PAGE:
Artificial intelligence company SparkCognition snags $32.5M Series B
SparkCognition, an AI-based cyber security analytics company closed a $ 32.5M Series B funding round led by the returning investor Verizon Ventures. The Boeing Company, through its Boeing HorizonX unit, also participated. The company plans to use the proceeds to expand operations and boost sales.
The company’s three core products are SparkArmor, SparlPredict, and SparkSecure.
SparkArmor is a machine-learning based anti-malware software which the company has trained on millions of malicious and benign files to help spot such threats when they appear. SparkArmor’s technical specification sheet reads that “its architecture consists of a small endpoint agent that integrates with the cloud-based cognitive engine and threat intelligence platform. The agent, designed to protect the client, server, mobile, and IoT devices, prevents malware and advanced persistent threats, independent of signatures”.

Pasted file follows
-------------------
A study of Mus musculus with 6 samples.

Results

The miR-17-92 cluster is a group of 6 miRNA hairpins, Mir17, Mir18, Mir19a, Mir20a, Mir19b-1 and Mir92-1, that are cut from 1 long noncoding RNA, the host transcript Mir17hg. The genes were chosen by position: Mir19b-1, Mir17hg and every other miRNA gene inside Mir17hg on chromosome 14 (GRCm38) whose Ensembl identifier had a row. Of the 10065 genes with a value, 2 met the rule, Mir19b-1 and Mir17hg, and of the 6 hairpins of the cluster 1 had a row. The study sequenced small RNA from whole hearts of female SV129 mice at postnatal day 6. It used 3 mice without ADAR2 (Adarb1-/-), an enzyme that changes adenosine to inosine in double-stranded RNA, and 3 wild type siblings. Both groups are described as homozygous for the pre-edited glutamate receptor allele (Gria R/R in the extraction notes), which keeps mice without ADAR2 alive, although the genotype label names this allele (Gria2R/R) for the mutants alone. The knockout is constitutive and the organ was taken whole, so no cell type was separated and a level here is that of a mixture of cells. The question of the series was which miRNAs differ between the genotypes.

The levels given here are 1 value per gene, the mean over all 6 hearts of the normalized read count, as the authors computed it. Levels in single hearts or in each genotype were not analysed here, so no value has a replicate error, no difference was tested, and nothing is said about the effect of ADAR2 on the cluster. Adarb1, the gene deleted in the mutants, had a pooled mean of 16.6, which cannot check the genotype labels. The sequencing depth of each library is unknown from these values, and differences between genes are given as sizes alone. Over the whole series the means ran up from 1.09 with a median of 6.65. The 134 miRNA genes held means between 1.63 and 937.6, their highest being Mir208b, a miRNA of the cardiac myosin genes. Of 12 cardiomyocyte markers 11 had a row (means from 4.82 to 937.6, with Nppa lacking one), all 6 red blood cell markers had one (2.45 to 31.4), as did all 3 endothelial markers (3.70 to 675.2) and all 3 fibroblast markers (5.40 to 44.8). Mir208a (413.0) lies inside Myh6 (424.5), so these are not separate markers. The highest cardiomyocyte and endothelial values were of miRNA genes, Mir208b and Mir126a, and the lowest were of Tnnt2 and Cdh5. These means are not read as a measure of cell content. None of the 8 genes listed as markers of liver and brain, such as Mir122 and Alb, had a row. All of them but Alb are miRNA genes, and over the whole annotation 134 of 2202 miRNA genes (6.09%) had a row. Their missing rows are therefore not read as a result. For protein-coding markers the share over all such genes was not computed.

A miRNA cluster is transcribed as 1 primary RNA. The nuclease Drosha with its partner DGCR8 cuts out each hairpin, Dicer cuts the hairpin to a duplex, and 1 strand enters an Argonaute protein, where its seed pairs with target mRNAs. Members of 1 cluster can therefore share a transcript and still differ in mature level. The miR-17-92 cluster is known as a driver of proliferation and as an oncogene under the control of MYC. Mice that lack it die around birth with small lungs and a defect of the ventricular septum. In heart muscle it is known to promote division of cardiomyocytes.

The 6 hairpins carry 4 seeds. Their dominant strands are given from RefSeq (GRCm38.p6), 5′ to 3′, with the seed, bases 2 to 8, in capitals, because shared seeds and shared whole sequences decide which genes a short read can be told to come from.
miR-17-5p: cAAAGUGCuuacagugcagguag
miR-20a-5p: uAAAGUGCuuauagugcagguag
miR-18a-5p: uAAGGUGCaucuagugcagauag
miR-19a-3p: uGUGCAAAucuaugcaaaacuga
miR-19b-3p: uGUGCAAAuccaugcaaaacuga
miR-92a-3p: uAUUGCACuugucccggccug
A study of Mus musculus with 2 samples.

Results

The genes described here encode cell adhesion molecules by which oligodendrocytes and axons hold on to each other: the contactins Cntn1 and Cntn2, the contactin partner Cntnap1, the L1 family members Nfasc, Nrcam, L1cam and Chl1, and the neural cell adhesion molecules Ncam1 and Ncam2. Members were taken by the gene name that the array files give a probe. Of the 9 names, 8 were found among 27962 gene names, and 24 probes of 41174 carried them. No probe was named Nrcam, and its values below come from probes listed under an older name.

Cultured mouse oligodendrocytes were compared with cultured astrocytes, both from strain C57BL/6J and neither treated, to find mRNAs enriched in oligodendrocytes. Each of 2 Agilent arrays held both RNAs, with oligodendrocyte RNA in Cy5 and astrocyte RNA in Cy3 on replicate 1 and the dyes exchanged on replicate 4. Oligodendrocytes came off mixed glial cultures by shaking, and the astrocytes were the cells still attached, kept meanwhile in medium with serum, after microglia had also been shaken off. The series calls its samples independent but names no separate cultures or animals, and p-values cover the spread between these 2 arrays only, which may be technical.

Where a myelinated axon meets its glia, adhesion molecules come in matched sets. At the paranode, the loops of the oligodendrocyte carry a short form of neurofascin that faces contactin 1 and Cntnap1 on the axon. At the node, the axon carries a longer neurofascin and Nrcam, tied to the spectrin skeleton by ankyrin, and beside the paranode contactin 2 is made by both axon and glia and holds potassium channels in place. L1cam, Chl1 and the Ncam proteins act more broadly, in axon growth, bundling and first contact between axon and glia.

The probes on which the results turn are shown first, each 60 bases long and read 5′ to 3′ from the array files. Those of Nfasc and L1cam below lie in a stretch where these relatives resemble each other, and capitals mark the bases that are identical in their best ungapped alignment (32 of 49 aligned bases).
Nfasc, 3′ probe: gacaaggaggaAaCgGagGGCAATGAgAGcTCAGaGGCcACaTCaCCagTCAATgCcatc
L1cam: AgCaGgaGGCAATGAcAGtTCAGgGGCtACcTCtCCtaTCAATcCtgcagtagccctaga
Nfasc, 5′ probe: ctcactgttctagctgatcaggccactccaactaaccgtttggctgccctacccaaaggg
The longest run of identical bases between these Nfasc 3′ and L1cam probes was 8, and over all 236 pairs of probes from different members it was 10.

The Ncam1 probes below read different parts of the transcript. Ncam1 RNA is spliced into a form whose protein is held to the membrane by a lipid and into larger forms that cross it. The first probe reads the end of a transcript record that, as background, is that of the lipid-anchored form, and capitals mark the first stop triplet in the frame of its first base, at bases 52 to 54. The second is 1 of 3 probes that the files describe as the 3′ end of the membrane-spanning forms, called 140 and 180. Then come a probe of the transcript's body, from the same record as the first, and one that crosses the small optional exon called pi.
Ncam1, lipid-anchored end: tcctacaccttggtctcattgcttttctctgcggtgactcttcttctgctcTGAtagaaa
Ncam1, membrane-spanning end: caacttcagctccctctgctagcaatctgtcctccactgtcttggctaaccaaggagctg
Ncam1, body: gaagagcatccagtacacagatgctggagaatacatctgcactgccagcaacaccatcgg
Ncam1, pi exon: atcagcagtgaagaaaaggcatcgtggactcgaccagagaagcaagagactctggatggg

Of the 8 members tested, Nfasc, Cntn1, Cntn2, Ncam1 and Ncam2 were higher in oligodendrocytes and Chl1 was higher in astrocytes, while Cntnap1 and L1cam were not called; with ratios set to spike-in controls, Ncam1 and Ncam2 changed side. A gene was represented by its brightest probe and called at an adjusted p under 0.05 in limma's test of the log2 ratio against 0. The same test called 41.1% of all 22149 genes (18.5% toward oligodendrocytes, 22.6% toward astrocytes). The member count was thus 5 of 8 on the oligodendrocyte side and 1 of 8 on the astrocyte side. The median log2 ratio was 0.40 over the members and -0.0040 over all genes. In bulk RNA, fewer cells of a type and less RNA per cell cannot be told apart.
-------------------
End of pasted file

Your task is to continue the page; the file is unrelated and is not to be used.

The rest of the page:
SparkPredict can be used to predict asset/machine failure. SparkSecure is a cloud-based application that collects security data to detect cyber threats. The startup leverage IBM’s Watson platform to train it on a large corpus of security content and relevant product data.
The three solutions can be implemented in a variety of environments, including IT, OT and industrial IoT.
It primarily serves the Fortune 1000 companies operating in the energy, oil and gas, manufacturing, finance, aerospace, defense, telecommunications, and security sectors. In 2017, the company was ranked #20 on the CNBC Disruptor 50 list and is led by Amir Husain, founder, and CEO of SparkCognition.
The investors who participated in the company’s previous funding rounds include CME Ventures, Alameda Ventures, The Entrepreneur’s Fund, and Michael Dell’s private equity arm, MSD Capital. Previous investments totaled approximately $ 16M. “SparkCognition is at the forefront of a technological shift in machine learning and artificial intelligence which will revolutionize every aspect of the industry,” said Greg Hyslop, Boeing chief technology officer.